A subdural hematoma refers to an accumulation of blood on the brain’s surface beneath the skull. Subdural hematomas may be life threatening. They usually result from a head injury.
There are two types of subdural hematoma—acute and chronic. Acute subdural hematomas commonly form because of a severe head injury.
Chronic subdural hematomas develop due to a minor head injury. A blood clot on the surface of the brain is also called a subdural hematoma.
Subdural hematomas occur when a vein ruptures between the skull and the brain’s surface. When a person sustains a major brain injury, this area can fill with blood and cause life-threatening symptoms. This is called an acute subdural hematoma. It is the most dangerous type of subdural hematoma.
Acute subdural hematomas are usually caused by:
- a car accident
- a blow to the head
Acute subdural hematomas form quickly and the symptoms appear immediately.
Chronic subdural hematomas are caused by mild or repeated head injuries. These are common in elderly people who fall repeatedly with head injury. Symptoms of chronic subdural hematomas are not noticeable immediately and may not appear for several weeks.
Chronic subdural hematomas are easier to treat than acute subdural hematomas. Even so, they can still cause life-threatening complications. Some chronic subdural hematomas occur with no apparent cause.
Acute subdural hematomas cause symptoms right away. However, people with chronic subdural hematomas may have no symptoms at all.
Common symptoms of a subdural hematoma are:
- slurred speech
- the inability to speak
- loss of consciousness or coma
- numbness (may be in several areas of the body)
- visual problems
These symptoms are serious. If you develop difficulty speaking, numbness, severe headaches, weakness, or visual problems, you should see a doctor promptly.
A subdural hematoma can be diagnosed using imaging tests, such as a CT (computed tomography) scan or MRI (magnetic resonance imaging) scan. These scans provide your doctor with an in-depth look at your brain, skull, veins, and blood vessels. They can also reveal if there is any blood on the brain.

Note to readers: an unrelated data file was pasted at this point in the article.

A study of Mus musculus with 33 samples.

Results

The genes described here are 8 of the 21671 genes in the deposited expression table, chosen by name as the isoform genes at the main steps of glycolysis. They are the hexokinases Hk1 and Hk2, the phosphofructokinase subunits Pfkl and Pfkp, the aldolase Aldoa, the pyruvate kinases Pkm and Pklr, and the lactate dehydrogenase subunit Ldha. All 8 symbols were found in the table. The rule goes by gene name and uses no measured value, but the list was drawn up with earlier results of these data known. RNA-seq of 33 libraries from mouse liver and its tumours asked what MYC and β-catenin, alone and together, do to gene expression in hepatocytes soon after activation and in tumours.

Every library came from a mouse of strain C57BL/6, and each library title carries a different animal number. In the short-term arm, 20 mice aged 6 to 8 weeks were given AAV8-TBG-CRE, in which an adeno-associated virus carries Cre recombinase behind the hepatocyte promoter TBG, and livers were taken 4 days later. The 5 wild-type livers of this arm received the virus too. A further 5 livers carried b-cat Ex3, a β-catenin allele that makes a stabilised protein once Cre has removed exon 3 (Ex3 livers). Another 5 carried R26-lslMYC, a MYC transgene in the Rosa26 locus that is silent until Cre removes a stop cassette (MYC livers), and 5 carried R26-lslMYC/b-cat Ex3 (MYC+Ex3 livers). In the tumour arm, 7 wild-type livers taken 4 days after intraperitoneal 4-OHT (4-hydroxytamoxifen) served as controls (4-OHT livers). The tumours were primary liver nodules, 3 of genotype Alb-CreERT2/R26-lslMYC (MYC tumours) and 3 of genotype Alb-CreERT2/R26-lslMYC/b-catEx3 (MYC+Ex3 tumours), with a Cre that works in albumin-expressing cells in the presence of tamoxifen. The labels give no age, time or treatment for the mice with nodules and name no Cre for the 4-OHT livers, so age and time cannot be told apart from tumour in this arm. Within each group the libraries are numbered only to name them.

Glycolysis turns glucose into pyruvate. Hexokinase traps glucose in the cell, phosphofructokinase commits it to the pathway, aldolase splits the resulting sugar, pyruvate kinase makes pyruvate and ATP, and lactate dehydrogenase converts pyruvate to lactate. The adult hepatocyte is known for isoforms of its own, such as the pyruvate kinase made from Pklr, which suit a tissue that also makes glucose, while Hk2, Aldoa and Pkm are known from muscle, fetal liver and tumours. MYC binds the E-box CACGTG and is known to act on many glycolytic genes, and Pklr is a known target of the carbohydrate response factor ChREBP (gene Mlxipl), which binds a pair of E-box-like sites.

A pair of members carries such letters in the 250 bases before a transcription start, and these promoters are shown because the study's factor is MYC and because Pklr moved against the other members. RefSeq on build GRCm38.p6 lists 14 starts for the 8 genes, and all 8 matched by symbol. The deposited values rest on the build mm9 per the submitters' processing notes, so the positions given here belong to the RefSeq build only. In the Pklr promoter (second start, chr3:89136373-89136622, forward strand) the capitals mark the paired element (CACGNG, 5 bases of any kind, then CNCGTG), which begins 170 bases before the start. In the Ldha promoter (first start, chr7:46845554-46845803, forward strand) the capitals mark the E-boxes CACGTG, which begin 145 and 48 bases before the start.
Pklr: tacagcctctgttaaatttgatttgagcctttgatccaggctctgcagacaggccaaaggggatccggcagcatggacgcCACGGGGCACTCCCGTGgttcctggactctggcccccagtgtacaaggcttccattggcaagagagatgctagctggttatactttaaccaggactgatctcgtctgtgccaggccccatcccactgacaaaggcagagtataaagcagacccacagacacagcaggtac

You may also be given a blood test to check your complete blood count. A complete blood count test measures your red blood cell, white blood cell, and platelet count. A low level of red blood cells can indicate significant blood loss.
Your doctor may also give you a physical examination to check your heart rate and blood pressure for evidence of internal bleeding.
An acute subdural hematoma can only be treated in an operating room. Your brain may swell because of your head injury, causing an increase of pressure in the head (intracranial pressure). If there is a build-up of pressure on the brain, a surgeon will relieve the pressure by drilling small holes in your skull.
A surgical procedure called a craniotomy may be used to remove a large subdural hematoma. It is normally used to treat acute subdural hematomas. In this surgical procedure, the surgeon removes a part of the skull in order to evacuate the clot or hematoma. The hematoma is removed using suction and irrigation.
A burr hole can also be used to drain smaller hematomas. First, the surgeon creates small holes in your skull and then places rubber tubes in them. The blood from the hematoma drains out through these holes.
Your doctor may prescribe anti-seizure medications to treat or prevent seizures that might be caused by the subdural hematoma. Medication may also be used to treat your brain injury. Corticosteroids are often prescribed to reduce inflammation in the brain.
Complications of subdural hematomas may occur soon after the injury, or sometime after the injury has been treated.
These complications may include:
- brain herniation (or pressure on the brain that can cause a coma or death)
- permanent muscle weakness or numbness
The extent of complications depends on the severity of the brain injury you sustained.
Your outlook for recovery depends on the type of brain injury you sustained and its location. The outlook for those with chronic subdural hematomas is fair.
Patients with acute subdural hematomas have a poor outlook. According to UCLA’s Neurosurgery department, about 50 to 90 percent of those with acute subdural hematomas die from the condition or its complications (UCLA). For those who recover, seizures can occur even after the subdural hematoma has been removed.